Behavioral addictions - to shopping, sex, even e-mail - trigger the same rush of feel-good dopamine to the brain as drugs and alcohol. Since these "fixes" aren't formally recognized by the medical establishment, insurance won't pony up for treatment. But that doesn't mean they can't undo your life.
Of course, no pill can make you a genius if you aren't one,
Flowers for Algernon style. So what exactly are brain boosters?
"It could mean several things. It could mean herbs or
nutrients that enhance clarity of thinking, alertness, focus, concentration,
memory, and even mood," says Ray Sahelian, MD, author of Mind
Boosters and a family practitioner in Marina Del Ray, Calif.
"Most commonly, people will notice that they are more
focused and alert, that they are more motivated, that they are processing
information faster," he says.
That is, if they notice any effects.
"Some have tried and have gotten benefits. Others may not
have noticed anything," Sahelian says.
Brain boosters may appear to stimulate mental activity, but
they are not stimulants in the strict sense, as things such as caffeine,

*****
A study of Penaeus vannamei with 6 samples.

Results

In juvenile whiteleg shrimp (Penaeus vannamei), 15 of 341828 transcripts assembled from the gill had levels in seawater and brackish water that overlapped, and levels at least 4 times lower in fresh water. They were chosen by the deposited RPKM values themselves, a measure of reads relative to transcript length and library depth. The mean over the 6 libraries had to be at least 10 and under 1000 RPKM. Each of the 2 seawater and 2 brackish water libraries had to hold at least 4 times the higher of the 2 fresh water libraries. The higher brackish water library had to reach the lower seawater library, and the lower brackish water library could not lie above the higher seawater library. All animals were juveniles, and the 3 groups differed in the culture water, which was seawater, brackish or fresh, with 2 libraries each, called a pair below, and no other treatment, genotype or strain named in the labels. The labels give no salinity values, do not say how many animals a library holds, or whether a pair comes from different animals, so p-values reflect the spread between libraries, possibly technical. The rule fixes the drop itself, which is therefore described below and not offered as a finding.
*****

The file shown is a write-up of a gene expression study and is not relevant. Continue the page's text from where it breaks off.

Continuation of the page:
ephedrine, or amphetamines are. In many cases, no one really knows how they act
on the brain.
"Herbs will have several different compounds in them, as
opposed to, let's say, a drug like amphetamine, which is basically one
compound, one molecule," Sahelian says. "Herbs will have a set of
several or several dozen compounds in them. It's difficult to pinpoint which
one of them is the most active or whether it's the combination of many of them
that are producing the result."
In general, the idea that herbs or nutrients can boost
brainpower isn't proven, however.
There hasn't been much research on whether an intelligent,
healthy young person can function better intellectually under the influence of
reputed brain boosters, and when the research has been done, results have
Herbs for Thought
A lot of recent research has focused on ginkgo biloba, the leaf
of the ginkgo tree, which is native to China and one of the oldest plants on
Ginkgo is particularly interesting to researchers because of
its potential to treat Alzheimer's disease and age-related mental decline.
Several studies have shown that it does help these conditions, and it's
routinely prescribed in places like Germany and France.
It's believed that ginkgo works by thinning the blood and
thereby improving oxygen flow to the brain. The brain is a glutton for oxygen,
so it's possible that even a slight lack of circulation can affect its
As a brain booster for people with normal mental abilities, it
For example, a study published in the journal
Psychopharmacology in 2000 found that ginkgo improved attention. A 2001
study in the journal Human Psychopharmacology suggested that it improves
memory. Nevertheless, in a review of studies on ginkgo in healthy people,
researchers found no good evidence that it improved mental abilities, according
to a 2002 report in Psychopharmacology Bulletin.